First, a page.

I believe that one of most prestigious jobs in our factory had to be the finisher on the cone production line. Always a woman, she was the one to spin the final label around the cone before sending it down the line to be packaged. She was so important because her speed determined when she and her coworkers would meet their quota and leave for the day. Their day started with a new bundle of 500 sheets of paper labels and ended after fourteen bundles were neatly wrapped around a truckload of cones.
We touch a lot of paper in fireworks making. We roll a finish wrap on gerbs and shells or we form fuse cases from paper spun on metal rods and shell cases around wooden formers. Then we glue the wraps down. Paper can be stiff and strong, silky or mushy. A life in fireworks is as much an affair with paper as it is with fire. Paper has grain, it comes in different thickness and weights, it rolls, twists and folds. If you can’t tell which way its grain runs, you’ll know as soon as you struggle to roll up a roman candle or nose a Niagara Falls stick.
A shipment of brown Kraft paper was heralded like the arrival of a new wine vintage; a load of bad paper could affect the mood of the factory for weeks whereas a fine vintage of soft, workable paper was intoxicating and no doubt led to a most content and highly productive workforce. I’ve seen my father and other masters rub paper grocery bags between their fingers and squint their eyes as if they were connoisseurs assessing the delicate aromas of a new red.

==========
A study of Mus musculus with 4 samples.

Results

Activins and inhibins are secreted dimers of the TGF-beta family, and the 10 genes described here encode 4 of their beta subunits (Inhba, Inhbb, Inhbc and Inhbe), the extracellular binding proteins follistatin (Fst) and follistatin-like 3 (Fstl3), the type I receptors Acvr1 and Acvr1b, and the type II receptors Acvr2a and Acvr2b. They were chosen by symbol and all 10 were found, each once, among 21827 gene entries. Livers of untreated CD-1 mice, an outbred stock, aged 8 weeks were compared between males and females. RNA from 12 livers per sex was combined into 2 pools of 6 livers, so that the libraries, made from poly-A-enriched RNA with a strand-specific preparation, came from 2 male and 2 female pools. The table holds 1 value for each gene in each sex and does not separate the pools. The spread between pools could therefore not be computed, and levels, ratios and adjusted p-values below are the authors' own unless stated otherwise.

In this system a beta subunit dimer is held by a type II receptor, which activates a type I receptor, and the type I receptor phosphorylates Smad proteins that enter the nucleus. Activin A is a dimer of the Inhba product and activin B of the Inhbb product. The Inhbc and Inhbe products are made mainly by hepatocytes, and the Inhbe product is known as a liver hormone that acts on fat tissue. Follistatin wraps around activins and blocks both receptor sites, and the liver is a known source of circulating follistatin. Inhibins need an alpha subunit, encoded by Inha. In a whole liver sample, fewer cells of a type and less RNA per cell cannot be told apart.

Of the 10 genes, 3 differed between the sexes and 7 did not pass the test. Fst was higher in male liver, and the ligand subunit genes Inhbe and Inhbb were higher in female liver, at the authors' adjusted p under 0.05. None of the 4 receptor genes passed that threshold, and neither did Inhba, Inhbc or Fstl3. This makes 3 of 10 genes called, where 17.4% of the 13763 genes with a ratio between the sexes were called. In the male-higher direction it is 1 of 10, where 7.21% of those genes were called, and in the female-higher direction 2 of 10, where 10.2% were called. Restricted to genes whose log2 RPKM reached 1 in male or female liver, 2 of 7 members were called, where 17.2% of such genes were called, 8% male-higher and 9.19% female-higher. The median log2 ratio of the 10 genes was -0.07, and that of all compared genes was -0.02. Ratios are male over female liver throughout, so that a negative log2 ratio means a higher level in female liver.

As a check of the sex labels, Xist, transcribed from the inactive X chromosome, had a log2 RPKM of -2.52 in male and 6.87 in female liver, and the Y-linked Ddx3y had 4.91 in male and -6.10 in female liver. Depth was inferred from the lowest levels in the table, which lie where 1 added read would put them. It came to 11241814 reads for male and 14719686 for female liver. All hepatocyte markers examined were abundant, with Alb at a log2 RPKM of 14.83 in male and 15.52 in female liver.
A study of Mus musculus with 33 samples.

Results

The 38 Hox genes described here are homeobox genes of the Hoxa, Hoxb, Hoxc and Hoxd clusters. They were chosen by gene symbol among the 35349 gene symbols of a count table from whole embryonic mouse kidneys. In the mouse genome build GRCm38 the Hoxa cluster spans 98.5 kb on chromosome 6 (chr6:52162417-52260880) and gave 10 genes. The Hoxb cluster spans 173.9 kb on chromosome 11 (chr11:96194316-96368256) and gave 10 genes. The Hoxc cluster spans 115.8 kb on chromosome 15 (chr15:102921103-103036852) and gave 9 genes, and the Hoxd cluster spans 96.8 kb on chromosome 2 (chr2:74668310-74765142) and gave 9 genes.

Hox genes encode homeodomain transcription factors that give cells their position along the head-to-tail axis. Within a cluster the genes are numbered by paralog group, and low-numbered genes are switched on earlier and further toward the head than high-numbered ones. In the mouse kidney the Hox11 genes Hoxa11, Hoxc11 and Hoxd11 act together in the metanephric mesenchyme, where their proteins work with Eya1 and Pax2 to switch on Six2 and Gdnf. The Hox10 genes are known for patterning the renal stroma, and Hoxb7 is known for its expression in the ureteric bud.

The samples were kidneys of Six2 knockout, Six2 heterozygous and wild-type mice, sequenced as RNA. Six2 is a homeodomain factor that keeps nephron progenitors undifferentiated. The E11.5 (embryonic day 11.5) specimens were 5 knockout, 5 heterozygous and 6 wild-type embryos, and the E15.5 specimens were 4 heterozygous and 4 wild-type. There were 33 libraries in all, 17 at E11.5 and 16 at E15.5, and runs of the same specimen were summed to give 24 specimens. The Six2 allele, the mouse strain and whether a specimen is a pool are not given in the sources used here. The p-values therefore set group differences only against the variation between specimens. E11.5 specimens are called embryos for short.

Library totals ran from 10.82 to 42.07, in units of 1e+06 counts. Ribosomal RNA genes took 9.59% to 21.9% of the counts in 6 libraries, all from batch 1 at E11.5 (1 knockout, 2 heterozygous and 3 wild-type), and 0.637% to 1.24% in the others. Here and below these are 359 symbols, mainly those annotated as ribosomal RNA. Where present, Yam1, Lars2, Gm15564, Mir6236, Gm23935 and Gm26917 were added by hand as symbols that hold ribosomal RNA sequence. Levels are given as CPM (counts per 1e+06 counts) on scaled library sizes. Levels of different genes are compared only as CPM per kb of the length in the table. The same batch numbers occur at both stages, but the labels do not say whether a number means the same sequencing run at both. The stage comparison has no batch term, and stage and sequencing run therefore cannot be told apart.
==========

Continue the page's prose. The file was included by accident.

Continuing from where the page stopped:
To prepare paper for most work in a fireworks factory, one would take a bundle of paper, stacked neatly, and spread it enough to expose an edge of each sheet, akin to fanning a deck of cards. This is so you could paint a brushstroke of paste along each edge at once. That’s it.
I can’t remember the first time I ever saw someone spread paper but I was mesmerized. Of all my skills as a fireworks maker, it is one of those that fascinates people the most. In his book entitled Pyrotechnics, George Weingart describes spreading paper this way, “Take a bundle of approximately one or two dozen sheets and lay them squarely before you on the rolling board. Holding them down tightly with the left hand, rub them gently toward you with the thumb-nail of the right hand so that each one will slide about a quarter inch below and to the left of the one under it.” He was describing rolling lance tubes and I would just add that you can use a blunt object, like a stick, if you care about keeping your thumbnail. A simple, gentle rub pulls each leaf slightly, equally and miraculously away from the next.
I believe the reason this skill so fascinated me as a boy was that it was one of the most difficult skills to teach a new person. No matter how you taught them, they would still want to place one sheet on the table, wipe on some paste, roll it up, and do it again. Maybe it seemed just too simple and therefore unnecessary. To become a cone finisher though you had to master the skill. The head cone finisher at the factory was named Jane Sturgill. No one was ever better or faster. In all my years learning the art and craft of fireworks making, sitting across a production line from her – a simple cone finisher – learning how to simply spread and wrap, taught me perhaps one of my most cherished skills. Thanks Jane.